No one ever sits on the fence about pickles. You're either pro pickle or you're not. And if you're the latter, then I feel sorry for you. Especially because that would also suggest that you might not be as enamored or obsessed as many of the bartenders of New York, who for the last couple of years have been propagating a shot widely become known as the 'pickle back'. This may seem like a feeble, even asinine topic to be bringing up in a magazine devoted to whisky, but tell that to the throng of Gotham City barkeeps who often finish a hard night behind the stick with this sweet and salty elixir.
For a start it is a whiskey drink, one which Jameson has claimed as its own, because most bartenders reach for this iconic green bottle when pouring their pickle backs. But any old whisky can easily stand in. But this is not a contemplative drink that should be thought about too much or for too long. It's nothing more than a shot of your favourite whisky (nothing too strong works best) and a side (or 'back') of the leftover juice from pickled cucumbers. It probably sounds gross to some of you, but it's one of those classic 'you gotta trust me on this one' scenarios.
It has become the bartender's favourite after work shot, that livens the weary and comforts the lonely. Taking shots of whisky is certainly nothing new for the bar cognoscenti, especially for those that have just spent the night muddling, shaking and stirring Ramos Gin Fizzes, Rob Roys and Lemongrass Juleps to an arthritic level. Sometimes, a great night can have a greater ending in the comfort of a quick dram and a cold brew. I've yet to meet a New York bartender who hasn't found solace in this salty drop of ambrosia.
There is much conjecture as to where the pickle back first reared its ugly head. Some suggest it was borne at the Brooklyn dive bar, the Bushwick Country Club, which sounds much more elegant than it actually is. McClure's Pickles, now a household name amongst the local gourmands were, at the time, just getting started and needed some space to store their, um, pickles. Reggie Cunningham at the BCC came to the rescue and had some sort of epiphany when a less than salubrious customer suggested a shot of whiskey alongside a 'back' of the pickle juice. Weird?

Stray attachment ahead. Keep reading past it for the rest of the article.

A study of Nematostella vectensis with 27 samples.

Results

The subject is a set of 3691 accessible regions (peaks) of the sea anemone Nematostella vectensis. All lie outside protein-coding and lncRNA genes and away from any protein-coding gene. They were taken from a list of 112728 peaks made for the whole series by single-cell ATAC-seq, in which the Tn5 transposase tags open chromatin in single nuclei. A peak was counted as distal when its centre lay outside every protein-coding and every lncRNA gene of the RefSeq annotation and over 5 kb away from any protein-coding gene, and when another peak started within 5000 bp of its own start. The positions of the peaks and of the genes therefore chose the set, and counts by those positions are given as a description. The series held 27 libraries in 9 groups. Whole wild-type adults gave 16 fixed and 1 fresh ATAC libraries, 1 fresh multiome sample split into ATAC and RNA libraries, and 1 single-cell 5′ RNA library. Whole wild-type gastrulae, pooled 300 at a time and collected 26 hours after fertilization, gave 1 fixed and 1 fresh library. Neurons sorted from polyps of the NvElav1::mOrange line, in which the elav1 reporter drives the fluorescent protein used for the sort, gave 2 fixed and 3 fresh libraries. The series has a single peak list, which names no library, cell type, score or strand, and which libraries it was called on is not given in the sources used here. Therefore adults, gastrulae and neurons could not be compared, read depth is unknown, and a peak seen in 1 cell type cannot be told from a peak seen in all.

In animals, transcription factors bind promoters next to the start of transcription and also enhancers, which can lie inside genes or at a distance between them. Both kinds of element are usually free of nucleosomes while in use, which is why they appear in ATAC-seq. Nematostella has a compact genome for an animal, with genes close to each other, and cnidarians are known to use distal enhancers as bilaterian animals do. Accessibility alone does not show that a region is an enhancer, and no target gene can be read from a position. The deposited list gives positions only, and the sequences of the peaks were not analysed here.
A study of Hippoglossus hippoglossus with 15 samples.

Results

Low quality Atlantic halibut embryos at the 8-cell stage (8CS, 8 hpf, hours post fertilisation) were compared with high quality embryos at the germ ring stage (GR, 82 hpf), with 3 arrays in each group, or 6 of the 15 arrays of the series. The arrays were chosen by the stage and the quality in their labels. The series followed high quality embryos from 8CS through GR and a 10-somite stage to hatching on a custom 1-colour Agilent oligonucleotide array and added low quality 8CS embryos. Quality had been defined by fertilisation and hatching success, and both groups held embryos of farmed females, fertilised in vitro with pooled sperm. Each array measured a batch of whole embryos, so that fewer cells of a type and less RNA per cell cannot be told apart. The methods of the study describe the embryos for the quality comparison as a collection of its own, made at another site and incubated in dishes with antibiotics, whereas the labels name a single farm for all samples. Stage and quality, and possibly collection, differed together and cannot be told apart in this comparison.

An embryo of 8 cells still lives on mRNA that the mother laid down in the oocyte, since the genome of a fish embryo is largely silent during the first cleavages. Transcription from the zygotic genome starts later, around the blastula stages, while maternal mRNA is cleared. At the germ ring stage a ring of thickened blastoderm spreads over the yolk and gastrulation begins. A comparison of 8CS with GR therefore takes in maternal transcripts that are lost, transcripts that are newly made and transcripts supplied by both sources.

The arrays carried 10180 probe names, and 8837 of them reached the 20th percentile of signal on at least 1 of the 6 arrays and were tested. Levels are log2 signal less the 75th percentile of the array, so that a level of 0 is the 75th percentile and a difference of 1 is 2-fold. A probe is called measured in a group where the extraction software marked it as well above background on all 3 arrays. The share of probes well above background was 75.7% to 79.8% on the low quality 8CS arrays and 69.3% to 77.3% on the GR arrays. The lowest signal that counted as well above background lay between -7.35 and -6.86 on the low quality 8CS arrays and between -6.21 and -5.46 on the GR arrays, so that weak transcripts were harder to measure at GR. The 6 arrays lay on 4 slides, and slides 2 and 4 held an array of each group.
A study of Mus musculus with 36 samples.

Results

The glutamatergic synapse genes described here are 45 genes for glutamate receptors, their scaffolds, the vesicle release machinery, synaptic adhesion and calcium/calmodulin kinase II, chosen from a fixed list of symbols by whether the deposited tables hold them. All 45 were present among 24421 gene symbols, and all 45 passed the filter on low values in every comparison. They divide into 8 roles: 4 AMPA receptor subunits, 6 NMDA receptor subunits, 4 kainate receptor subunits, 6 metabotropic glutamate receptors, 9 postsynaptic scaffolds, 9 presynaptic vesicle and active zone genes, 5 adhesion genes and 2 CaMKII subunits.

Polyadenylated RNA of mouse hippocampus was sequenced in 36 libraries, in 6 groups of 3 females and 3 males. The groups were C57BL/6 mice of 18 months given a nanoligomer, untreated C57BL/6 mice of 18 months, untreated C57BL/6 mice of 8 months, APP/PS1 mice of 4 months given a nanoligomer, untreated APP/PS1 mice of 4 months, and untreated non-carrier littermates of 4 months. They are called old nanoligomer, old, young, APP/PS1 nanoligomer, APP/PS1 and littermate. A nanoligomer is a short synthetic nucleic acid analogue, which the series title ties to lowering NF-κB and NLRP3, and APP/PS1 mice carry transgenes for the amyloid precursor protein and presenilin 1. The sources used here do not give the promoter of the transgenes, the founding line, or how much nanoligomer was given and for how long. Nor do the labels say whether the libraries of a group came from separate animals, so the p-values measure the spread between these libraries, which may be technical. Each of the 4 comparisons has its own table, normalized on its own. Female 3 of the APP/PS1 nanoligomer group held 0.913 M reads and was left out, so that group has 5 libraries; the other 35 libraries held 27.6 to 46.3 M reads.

You bet. But a star was born.
Most paths, however, point to T. J Lynch, a veteran New York bartender who has taken this fabled shot to every joint he has worked at since the nautical themed Rusty Knot, deep in the West Village. He worked with a talented chef, Joaquin Baca, who would often finish his nights with, what else, but a pickle back. Lynch then ventured over to work at the pig centric restaurant, The Breslin where the pickle back tagged along and now onto his current post as the proprietor of Mother's Ruin, a beacon for the city's off duty bar talent.
There are few people who would see the need for a fine whisky with their pickle back. Some would say that it might actually numb the pain of an inferior whisky but that would be to miss the point entirely. In fact it could also go the other way because on my last trip home to Australia, a bartender friend who had become privy to the pickle back had introduced it to the bartenders of Sydney. The problem was that he was using the leftover juice from a jar of sweet pickles which is akin to putting Rose's lime cordial in your pint of ale.
The lesson is that no shortcuts can be taken with the pickle juice and it is one of the easiest things in existence to make. A few minutes on Google will even turn up some interesting and quirky recipes. A little jalapeño here, some star anise there. Go crazy.
I found myself propped up at a wonderful local in Nashville recently called Bar 308 where the owner Ben Clemons poured me a shot of chilled George Dickel with an even colder wedge of fresh watermelon. If there is indeed a Nirvana, I was sitting in it at that exact moment.
I guess the point is that more bars are putting in a lot more thought into offering up a quick fix that doesn't involve a thoughtless shot. As witnessed above, we're seeing whiskey shots that are far more interesting than the rubbish we usually see.